Q: My desktop PC has started turning itself off less than five minutes after I turn it on. But when I restart the PC, it stays on with no problem. I run anti-malware software daily. What’s wrong?

Maggie Freese, Plymouth


A: If your PC has an electrical short circuit that’s causing it to shut off, fixing it will be a job for a repair shop. But first check on three things you can correct yourself.

• Look on the back of your computer and make sure the voltage selector switch is set to the U.S. standard of 110 to 115 volts. A higher setting could cause your PC to turn itself off.

• Check for a malfunctioning surge protector that could interfere with the PC’s power. If you plug your PC into a power strip that contains a surge protector, try plugging the PC directly into the wall outlet instead. If that solves the problem, buy a new power strip/surge protector.

• Place your hand over the cooling fan vent on the back of the PC to see whether the fan is running. If it is, buy a can of compressed air and (with the PC turned off) blow it into the fan vent to dislodge any dust that might be blocking the vent and causing the PC to overheat. (PC’s are designed to shut down if they overheat; that avoids damage to computer components.)

If the cooling fan isn’t running when the PC is performing a task, take the computer to a repair shop to see whether the fan and its attached power supply unit need to be replaced. (Don’t replace that equipment yourself because you could receive a powerful electric shock.)

If none of these diagnostic tips yields a clue, ask a repair shop to check for failures in the main circuit board, random-access memory chips (RAM), processor chip, power supply or the video card that runs your screen display.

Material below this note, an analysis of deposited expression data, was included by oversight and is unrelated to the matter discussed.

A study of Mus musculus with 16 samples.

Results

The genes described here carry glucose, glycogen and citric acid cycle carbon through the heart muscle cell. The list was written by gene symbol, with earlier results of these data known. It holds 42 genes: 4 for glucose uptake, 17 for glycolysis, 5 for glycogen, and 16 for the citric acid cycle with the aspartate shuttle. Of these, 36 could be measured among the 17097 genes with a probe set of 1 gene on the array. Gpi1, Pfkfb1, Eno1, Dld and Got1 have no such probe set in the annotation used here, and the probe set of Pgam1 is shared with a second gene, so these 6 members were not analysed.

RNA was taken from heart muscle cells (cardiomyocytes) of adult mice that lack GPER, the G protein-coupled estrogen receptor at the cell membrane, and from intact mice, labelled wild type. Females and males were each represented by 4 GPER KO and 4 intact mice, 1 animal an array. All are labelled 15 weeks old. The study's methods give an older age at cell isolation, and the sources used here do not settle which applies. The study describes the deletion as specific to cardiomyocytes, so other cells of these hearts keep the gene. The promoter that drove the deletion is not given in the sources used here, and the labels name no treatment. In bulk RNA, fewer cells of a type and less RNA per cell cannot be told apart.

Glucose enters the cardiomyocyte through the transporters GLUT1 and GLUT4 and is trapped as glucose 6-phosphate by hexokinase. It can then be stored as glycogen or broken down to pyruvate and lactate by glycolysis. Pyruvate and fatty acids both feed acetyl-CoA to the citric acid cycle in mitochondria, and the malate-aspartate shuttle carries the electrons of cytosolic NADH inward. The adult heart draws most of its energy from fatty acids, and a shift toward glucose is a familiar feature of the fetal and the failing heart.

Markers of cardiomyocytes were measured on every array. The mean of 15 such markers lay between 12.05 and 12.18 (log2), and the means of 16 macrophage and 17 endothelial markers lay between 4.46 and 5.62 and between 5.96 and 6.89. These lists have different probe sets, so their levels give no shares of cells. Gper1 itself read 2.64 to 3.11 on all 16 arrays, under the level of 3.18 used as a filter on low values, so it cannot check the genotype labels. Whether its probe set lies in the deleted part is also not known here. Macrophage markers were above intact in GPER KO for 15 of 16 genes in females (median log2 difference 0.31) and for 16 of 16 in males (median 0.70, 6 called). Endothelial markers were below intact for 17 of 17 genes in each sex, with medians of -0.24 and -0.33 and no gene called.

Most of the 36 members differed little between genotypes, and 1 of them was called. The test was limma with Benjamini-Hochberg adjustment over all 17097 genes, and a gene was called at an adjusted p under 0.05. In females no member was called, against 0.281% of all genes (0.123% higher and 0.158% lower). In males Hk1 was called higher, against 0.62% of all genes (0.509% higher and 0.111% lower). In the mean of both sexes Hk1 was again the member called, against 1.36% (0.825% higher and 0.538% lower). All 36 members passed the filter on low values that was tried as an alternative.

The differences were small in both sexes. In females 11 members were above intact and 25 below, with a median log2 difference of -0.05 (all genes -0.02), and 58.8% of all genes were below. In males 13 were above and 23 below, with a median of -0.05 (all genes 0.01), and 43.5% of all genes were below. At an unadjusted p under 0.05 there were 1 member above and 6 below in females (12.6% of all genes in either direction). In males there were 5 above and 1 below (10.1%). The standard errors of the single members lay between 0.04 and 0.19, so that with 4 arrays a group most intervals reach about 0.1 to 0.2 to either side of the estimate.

Q: When I used Microsoft Office 2003 on a Windows 7 PC, I created many Word document and Excel spreadsheet files in the .DOC and .XLS file formats.

When I upgraded to Windows 10, I switched to Office 2007 and created more files. But I didn’t like Office 2007, and went back to using Office 2003. Now I can’t open any of my Word or Excel files — I just get blank pages. What can I do?

Roy Larson, Chaska


A: Unfortunately, Office 2007 has converted your Word and Excel files to a new format that can’t be read by the older Office 2003.

Beginning with Office 2007, Microsoft introduced a new default file type for Word files (they use the .DOCX suffix instead of the traditional .DOC) and Excel files (they use the .XLSX suffix instead of the former .XLS).

As a result, all the new files you created with Office 2007 can’t be read by Office 2003.

In addition, I suspect that each time you used Office 2007 to call up an old document or spreadsheet, it was stored in the new file format.

Here are three solutions:

• Install an Office 2003 update so it can read Office 2007 files (see tinyurl.com/ybpuufck).

• Resume using Office 2007 because it can read your files in their new format.

• Use for-pay file-conversion services such as Zamzar (tinyurl.com/pdaumrr) or Convertio (tinyurl.com/yazytz7s) to convert your Office 2007 files to Office 2003 files.

E-mail tech questions to steve.j.alexander@gmail.com. Include name, city and telephone number.